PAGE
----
A few nights ago, I happened to catch the moon rise at two-thirty in the morning. Marbled and orange, it hugged the horizon, its color borrowed from Earth’s own essence. I could call it fortuitous that I happened to see it, but in truth, I was up then, grasping at a trail of thoughts, hoping to capture them on my cell phone before they drifted back into the ether. It’s the writer’s curse. The minute your mind relaxes, the ideas burble up and flow out.
It was also late one night when I had another “ah-ha” moment, when I realized the swirl of chatter about the Roaring 20s was contemporary, a reference to the decade rolling over before our eyes, and anticipation of the new decade just ahead. Sometimes, when we are too focused on the minutiae, we don’t see the point right in front of us. We are blind to what really matters.
Ideas which come to me at night could be called unconscious thought, but I think the better label is hindsight.
And because of my love of words and for the search for deeper meaning; i.e; “feeding the famished,” I tend to become entangled in the wrappings of metaphor.
In so doing, I often avoid writing about the truth in some of its ugliest terms.
With the help of hindsight’s 2020, I am forcing myself to look back over the past years.
It has to begin with the year 2019 because it’s been incredibly difficult, likely the worst year I’ve ever had.
I have been buoyed up by the strength of a fellow author who wrote of her losses this year to write the truth of my life as it stands today, even if it hurts to share it.
Back in April, I lost a position with an organization that I’ve dedicated myself to for over 25 years. Although it was a volunteer position, the intent and method with which the company and its board treated me nearly ripped out my soul, leaving me with a raw question of whether humanity had fallen off course in its quest for self-aggrandizement.
And then, in September, my darling daughter Isabel succumbed to her bipolar demons, falling down the rabbit hole chasing after them. Currently homeless, she is as unreachable as was Odysseus on his journey. Like Alice, she has likely “stumble[d] into a bizarre and disoriented alternate reality.” My greatest wish is that someday Isabel resurfaces in our lives. Confused, perhaps, but generally intact, ready to pursue a path of healing.
2019 has been bordered by grief, for what was lost, for what might have been. In that, I’ve experienced a sort of bereavement, torn against my will from an organization I loved and cared about. And lightyears worse has been the grieving process for my daughter. The aspirations shattered by her diagnosis and its subsequent unraveling are equal to the ether of my thoughts when I cannot harness them.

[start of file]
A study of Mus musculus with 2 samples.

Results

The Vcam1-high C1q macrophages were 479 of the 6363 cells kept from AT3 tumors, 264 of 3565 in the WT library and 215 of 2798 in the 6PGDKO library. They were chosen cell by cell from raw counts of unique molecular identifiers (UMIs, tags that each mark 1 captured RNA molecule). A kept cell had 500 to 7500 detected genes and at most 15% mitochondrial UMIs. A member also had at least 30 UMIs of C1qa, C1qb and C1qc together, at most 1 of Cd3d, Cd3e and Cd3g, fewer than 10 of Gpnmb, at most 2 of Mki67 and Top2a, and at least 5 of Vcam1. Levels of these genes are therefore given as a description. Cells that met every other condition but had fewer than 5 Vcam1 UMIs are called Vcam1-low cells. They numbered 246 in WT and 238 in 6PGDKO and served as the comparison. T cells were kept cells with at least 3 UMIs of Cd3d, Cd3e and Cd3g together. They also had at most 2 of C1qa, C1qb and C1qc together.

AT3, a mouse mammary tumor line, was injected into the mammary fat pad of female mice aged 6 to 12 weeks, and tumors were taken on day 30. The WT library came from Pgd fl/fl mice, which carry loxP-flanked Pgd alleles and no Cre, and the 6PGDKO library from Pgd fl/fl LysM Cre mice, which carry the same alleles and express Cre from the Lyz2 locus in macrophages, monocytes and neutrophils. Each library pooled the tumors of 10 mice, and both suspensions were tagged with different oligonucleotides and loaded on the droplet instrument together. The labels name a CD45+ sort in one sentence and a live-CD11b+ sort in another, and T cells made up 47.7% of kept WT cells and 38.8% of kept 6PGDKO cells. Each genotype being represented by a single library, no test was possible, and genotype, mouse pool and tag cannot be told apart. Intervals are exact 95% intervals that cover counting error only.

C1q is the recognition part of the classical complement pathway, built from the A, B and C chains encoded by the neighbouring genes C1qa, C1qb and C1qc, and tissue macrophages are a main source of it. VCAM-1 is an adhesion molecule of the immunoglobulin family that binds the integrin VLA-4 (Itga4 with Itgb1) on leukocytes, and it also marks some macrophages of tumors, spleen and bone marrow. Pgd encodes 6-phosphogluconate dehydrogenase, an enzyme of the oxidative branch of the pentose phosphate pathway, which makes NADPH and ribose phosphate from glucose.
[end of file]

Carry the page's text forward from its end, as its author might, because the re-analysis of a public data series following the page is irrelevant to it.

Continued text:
Fortunately, my collie Mopsy has been able to show me that you can teach an old dog new tricks.
Mopsy, who is going on 11, has the tenacious drive and determination of the runt she is. Wiry and fiesty, and in spite of her birth order, she is the Alpha of our pack. Mopsy can make her sister Flopsy cower by a steady look in the eye. She can also entice Flopsy out of her comfortably plump lethargy. With a low growl followed by a well-calculated heel nip, the aging dogs become a blur of fangs, claws, and ruffling fur as they chase each other round and round the kitchen, down the hall, and back again.
Where Mopsy excels, though, is innovative thought.
She has a yen for Kleenex, the more used, the better. Since I know this and — when I remember — place tissues out of reach, Mopsy has taken to knocking over the toilet paper stand in our guest bathroom and pulling the (clean) rolls off the chrome arm. After yanking off a couple, she settles in for a nice chew.
It gives me hope that Mopsy, who’s creeping up on 77 years this March, has found a new path to make her life more pleasant. For Mopsy, that means it’s easier to get what she wants.
She is helping me see how I can take what’s important to me — writing and the people who matter to me — and use that to find clarity.
In that vein of seeking clarity and a meaning to life, I’ve always encouraged my daughter Isabel to search for ladybugs, at least five a day. Ladybugs are a metaphor for randomness that can be viewed positively.
I hope she is putting our ladybug system to good use, wherever she may be.
But I’ve also realized I need to search for my own ladybugs. They are the harbingers of hindsight. Here are my first steps:
🐞 I can only control my actions.
🐞 I’m going to stop shouldering the blame for the actions of others. They are who they are; their actions are theirs to claim.
🐞 The best action is reaction, and I am in control of that.
🐞 If I drain myself, I will have nothing left to give anyone.
🐞 It’s essential to focus less on giving to others who don’t want what I can give them, and more on time spent searching for the universal story, one that crystalizes who I am. Who we are.
I’m not sad to see 2019 go. Some years are like that. I am anticipating the Roaring ’20s with great curiosity and some trepidation. Everything in life has its inherent challenges.
I’m not saying there will be less of me that gives, that the nurturing of others will end. But like Mopsy, I plan to live stronger and stop hiding the truth of myself behind what I think people will accept, behind words I hope won’t make people cringe.
Life is an unknowable journey, but it’s better to take it, than not. And while pursuing life, it’s okay to give some of it back to yourself.